After Prime Minister Stephen Harper announced details of the New Building Canada Plan last week, reactions have been mixed.


After Prime Minister Stephen Harper announced details of the New Building Canada Plan last week, reactions have been mixed.

Speaking in York Region, north of Toronto on February 13, the prime minister presented the policy framework for how the federal government will set up “the largest federal infrastructure investment in Canadian history.”

The New Building Canada Plan, said the Prime Minister, will provide stable funding for a 10 year period, amounting to a total of $53 billion for provincial , territorial and municipal infrastructure.

The funding under the Plan is organized under a variety of programs, and includes $32 billion from the existing Gas Tax Fund and the Goods and Services Tax Rebate for Municipalities.

In addition, the $53 billion incorporates a New Building Canada Fund of $14 billion, divided up into $4 billion for national projects and $10 billion for provincial-territorial-infrastructure projects. And it will allocate $1 billion for projects in communities of less than 100,000 people.

The government says that it wants to ensure a “seamless transition” from the 2007 Building Canada Plan to the New Building Canada Plan, and to avoid the delays that occurred in 2007, the government will not require framework agreements with provinces and territories. The government has said it will start accepting applications to the New Building Canada Fund by April 1.

Reactions from various organizations in the construction industry have been positive, with qualifications.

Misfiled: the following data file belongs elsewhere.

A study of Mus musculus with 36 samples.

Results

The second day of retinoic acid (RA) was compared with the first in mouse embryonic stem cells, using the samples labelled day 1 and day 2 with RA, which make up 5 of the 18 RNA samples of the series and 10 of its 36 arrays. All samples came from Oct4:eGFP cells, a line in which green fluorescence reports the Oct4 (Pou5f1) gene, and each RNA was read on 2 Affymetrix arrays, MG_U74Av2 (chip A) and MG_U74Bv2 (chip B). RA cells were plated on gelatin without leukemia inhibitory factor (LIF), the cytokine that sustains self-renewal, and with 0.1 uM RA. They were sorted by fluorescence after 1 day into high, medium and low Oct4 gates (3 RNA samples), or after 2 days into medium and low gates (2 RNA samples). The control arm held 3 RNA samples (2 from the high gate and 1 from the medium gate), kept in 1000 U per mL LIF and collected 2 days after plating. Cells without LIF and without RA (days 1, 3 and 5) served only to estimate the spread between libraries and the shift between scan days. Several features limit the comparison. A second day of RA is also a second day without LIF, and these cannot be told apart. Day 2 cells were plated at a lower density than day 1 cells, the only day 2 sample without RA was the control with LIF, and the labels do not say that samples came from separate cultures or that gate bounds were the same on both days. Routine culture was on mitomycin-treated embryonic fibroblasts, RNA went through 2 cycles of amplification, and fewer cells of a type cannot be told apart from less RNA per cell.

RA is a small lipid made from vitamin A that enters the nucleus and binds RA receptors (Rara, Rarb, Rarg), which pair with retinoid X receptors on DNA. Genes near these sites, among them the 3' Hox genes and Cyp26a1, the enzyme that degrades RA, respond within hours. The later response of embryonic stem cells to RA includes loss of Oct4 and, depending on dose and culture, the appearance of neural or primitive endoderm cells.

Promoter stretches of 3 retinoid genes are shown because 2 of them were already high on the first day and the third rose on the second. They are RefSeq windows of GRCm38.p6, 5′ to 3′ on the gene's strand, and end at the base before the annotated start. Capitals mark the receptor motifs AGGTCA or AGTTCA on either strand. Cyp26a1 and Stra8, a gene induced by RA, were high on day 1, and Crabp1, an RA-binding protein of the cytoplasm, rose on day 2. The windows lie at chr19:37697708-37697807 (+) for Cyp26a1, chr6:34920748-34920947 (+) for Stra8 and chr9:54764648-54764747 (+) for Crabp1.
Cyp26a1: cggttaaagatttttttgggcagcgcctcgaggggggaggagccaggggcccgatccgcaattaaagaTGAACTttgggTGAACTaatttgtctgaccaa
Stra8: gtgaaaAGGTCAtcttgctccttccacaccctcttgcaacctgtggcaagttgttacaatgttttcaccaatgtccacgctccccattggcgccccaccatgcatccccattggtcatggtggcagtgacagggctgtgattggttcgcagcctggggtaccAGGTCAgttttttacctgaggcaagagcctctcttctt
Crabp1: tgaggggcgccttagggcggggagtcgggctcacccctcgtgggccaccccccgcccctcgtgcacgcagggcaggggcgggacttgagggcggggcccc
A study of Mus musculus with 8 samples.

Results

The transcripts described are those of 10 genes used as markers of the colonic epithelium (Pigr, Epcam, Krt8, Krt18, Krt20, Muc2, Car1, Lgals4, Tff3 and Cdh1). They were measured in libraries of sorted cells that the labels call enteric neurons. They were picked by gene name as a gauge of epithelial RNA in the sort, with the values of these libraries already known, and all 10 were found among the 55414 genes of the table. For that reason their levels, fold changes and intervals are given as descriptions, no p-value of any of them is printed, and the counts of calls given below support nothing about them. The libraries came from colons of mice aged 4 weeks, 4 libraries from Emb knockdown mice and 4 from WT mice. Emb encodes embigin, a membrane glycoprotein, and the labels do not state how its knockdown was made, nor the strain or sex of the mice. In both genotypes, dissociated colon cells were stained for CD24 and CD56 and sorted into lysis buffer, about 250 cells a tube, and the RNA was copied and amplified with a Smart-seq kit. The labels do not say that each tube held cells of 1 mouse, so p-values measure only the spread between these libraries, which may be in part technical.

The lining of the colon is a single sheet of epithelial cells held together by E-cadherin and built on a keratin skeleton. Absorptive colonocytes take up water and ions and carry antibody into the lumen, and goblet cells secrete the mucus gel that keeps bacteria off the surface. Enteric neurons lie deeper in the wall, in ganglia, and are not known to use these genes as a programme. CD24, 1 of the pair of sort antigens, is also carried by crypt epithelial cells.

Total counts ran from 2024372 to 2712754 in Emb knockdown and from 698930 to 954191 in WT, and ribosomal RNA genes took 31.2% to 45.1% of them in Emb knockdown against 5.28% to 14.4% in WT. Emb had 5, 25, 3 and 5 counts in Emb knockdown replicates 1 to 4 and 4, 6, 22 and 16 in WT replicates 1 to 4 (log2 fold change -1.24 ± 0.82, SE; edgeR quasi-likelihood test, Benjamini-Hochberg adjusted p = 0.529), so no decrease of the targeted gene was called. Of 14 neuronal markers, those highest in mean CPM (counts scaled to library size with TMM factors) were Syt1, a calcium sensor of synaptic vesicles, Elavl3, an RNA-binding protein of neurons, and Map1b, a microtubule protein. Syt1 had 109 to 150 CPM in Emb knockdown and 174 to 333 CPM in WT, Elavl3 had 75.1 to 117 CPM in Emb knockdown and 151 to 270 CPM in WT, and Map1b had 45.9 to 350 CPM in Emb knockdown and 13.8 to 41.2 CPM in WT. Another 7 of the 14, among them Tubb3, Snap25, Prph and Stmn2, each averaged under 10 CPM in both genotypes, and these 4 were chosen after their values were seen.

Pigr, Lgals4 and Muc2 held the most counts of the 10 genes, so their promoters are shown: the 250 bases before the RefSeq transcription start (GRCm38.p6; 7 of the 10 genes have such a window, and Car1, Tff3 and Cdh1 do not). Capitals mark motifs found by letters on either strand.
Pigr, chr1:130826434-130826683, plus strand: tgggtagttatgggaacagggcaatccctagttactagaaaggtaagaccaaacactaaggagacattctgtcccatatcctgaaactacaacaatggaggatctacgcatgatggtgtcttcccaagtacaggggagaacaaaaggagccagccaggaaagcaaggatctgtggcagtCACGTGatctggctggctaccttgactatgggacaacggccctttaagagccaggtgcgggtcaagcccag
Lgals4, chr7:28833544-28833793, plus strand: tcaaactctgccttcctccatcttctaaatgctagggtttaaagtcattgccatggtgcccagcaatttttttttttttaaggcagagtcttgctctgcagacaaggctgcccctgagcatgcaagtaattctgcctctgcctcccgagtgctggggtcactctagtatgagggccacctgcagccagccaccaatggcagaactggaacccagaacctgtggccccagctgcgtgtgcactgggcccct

The Association of Consulting Engineering Companies-Canada issued a joint statement with the Canadian Construction Association. It read: “ACEC and CCA have advocated for a long-term infrastructure plan for many years and applaud today’s announcement. The NBCF [New Building Canada Fund] will enable both governments and private sector partners to properly plan and resource major infrastructure projects which will provide better value to taxpayers and reduce overall costs.”

ACEC and CCA went on to say that they are looking forward to working with the government and other stakeholders to ensure an efficient application process.

Not surprisingly, the Canadian Council for Public-Private Partnerships (CCPPP), praised the government’s decision to require projects that have a cost of $100 million or more to undertake a screening process to determine whether they should be done as a public-private partnership.

However, the screening process, which will be done by P3 Canada, could take between 6 to 18 months.

This potential time delay is cause for concern by the Federation of Canadian Municipalities. Claude Dauphin, president of FCM, issued a statement praising the new fund and the government’s long-term commitment to funding infrastructure. It also welcomed the dedication of funding to small communities, recognizing “that small, rural, remote and northern communities need greater predictability and access to infrastructure funding.”

But FCM has concerns about “rule changes that could force municipalities to carry a larger share of infrastructure costs in the future, the eligibility rules for local roads, [and] the screening process for projects structured as public/private partnerships.”

Under the new formula, the maximum federal contribution will be one-third of the total eligible costs of a project, but there are exceptions. For provincially-owned roads and public transit projects that are traditionally procured the maximum federal contribution will be 50%. For public-private-partnership projects and private sector projects the maximum federal contribution will be 25%. For all projects located in the territories, the maximum federal contribution will be 75%.

To see more details about the New Building Canada Plan, including the New Building Canada Fund, click here.